John Heckathorn Reports...

(page 8 of 9)


photo: thinkstock

On Hawaii’s Public Schools

“Government Schools,” Foreword, May 2001

Plenty of people have fixes for public education. From student-centered learning, to core curriculum, to values, to a computer on every desk. None of these go to the heart of the problem. Why do our public schools proclaim their mission so loudly and deliver so little? Why do they seem more like places to get your driver’s license renewed than places children can awaken to the world?

 

On Monstrously Big Laulau

Dining, October 2002

If you must have the combo [at Ono Hawaiian Foods]—and who can resist?—order either the kalua pig plate or the laulau plate. The combo plate comes with both those items, and unless you’re Robert Kekaula, say, you can’t eat both. The kalua pig is a pastel plastic bowl full. The laulau is as big as an unshucked coconut, as big as a child’s head, as big as the rock you might prop behind your front tire to keep your car from rolling down a severely sloped driveway. It’s Mauna Laulau.

 

On Hawaii Governors

Editor’s Page, January 2003

Linda Lingle is the third governor I’ve interviewed for these pages, but my fourth gubernatorial interview. I interviewed John Waihee in 1987 and again in 1993. In August 1998, I sat down with Ben Cayetano, in our well-remembered “two cover” issue before the hotly contested ’98 election. …

The ’98 interview with Cayetano was the most contentious, partly because it was an election year, partly because the state was mired in a prolonged economic slump, partly because Cayetano himself pulls no punches. When I asked several questions about the economy and the failure of his economic reform package in the Legislature, he finally turned to me and said, “Talking to you is like talking to a brick wall.” …

When I read over the three previous gubernatorial interviews, I was struck by how similar many of the themes were. The economy. The failings of the public schools. The inefficiency of state government. The need to settle the ceded lands questions and find justice for Hawaiians.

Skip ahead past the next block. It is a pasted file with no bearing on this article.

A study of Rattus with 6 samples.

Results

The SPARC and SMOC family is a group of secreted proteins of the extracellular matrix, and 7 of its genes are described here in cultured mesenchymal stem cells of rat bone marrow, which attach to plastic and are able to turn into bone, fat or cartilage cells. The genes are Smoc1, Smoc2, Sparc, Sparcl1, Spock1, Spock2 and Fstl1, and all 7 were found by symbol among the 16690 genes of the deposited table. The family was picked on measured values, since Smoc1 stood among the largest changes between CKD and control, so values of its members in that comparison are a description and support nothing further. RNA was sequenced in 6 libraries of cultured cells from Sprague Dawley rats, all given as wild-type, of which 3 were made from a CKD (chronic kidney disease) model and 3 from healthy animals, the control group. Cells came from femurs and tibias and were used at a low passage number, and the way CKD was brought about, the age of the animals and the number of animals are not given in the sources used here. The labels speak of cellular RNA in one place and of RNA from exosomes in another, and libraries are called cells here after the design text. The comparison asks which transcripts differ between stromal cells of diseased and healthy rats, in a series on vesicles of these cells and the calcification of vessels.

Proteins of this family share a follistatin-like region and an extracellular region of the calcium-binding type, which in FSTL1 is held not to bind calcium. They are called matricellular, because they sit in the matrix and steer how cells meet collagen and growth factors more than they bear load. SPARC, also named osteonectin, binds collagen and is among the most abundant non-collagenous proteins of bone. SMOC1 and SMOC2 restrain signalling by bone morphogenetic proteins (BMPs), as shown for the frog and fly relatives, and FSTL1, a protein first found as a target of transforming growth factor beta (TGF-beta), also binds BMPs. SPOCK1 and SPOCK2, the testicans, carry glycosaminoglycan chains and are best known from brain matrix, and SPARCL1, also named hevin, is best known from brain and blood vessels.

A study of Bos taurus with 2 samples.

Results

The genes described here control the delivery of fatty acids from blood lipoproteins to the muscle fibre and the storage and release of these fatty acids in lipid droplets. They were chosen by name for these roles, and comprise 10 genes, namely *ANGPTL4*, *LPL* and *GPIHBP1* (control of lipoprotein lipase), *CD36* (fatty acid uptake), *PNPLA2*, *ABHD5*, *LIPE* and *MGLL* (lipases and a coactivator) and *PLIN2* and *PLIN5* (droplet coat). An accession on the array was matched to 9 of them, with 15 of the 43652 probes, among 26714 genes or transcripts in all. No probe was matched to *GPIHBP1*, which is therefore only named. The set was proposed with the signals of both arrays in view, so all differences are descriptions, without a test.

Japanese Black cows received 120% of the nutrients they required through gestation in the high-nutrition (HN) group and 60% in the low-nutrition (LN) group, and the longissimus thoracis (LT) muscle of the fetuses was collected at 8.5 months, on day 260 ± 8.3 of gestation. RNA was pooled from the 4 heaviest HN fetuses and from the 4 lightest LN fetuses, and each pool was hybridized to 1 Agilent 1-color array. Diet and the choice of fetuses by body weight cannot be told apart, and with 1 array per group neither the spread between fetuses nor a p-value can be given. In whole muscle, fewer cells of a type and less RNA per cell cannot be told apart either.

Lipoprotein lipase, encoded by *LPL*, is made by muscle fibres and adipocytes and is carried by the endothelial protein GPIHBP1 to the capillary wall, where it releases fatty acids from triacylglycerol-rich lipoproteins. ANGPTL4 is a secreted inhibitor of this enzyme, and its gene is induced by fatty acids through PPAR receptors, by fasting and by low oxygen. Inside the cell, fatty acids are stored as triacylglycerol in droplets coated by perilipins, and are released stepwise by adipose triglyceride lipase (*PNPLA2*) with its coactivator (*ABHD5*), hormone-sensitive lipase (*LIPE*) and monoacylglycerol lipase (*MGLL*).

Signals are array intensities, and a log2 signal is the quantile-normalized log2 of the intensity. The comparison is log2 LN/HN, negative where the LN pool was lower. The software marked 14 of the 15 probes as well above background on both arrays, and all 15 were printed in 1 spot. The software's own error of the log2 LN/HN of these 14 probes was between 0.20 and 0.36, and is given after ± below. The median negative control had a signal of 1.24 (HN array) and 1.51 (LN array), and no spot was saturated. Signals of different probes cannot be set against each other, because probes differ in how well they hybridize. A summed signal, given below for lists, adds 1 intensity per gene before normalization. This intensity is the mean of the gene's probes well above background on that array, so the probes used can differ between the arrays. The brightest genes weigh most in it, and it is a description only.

They are problems still. …

It would be nice to have some of these issues behind us. And to have some new problems for a change.

 

On Favorite Restaurants

“Fun, Some Fun and No Fun,” Dining, February 2003

People always ask me if I have favorite restaurants. Not in the way most people do. I don’t have restaurants that I go back to time after time, comfortable places where I am a regular. Instead, I keep a list of new restaurants on my computer. When it gets too long, I go check a few of them out, finding new places. A lot of times, I wish I could have gone to one of the old familiar favorites. Still, you have to get out there, because you never know what’s around the corner.

 

On the Honolulu Rush

“The Honolulu Rush,” Dining, February 2004

Any new restaurant gets mobbed immediately.

It’s not just the restaurants, of course. When you live on an island, you get desperate for novelty. Almost anything new in town gets the Honolulu Rush. Honolulu may be the only city in America where a Kmart opening set off traffic jams.

Have Feedback? Suggestions? Email us!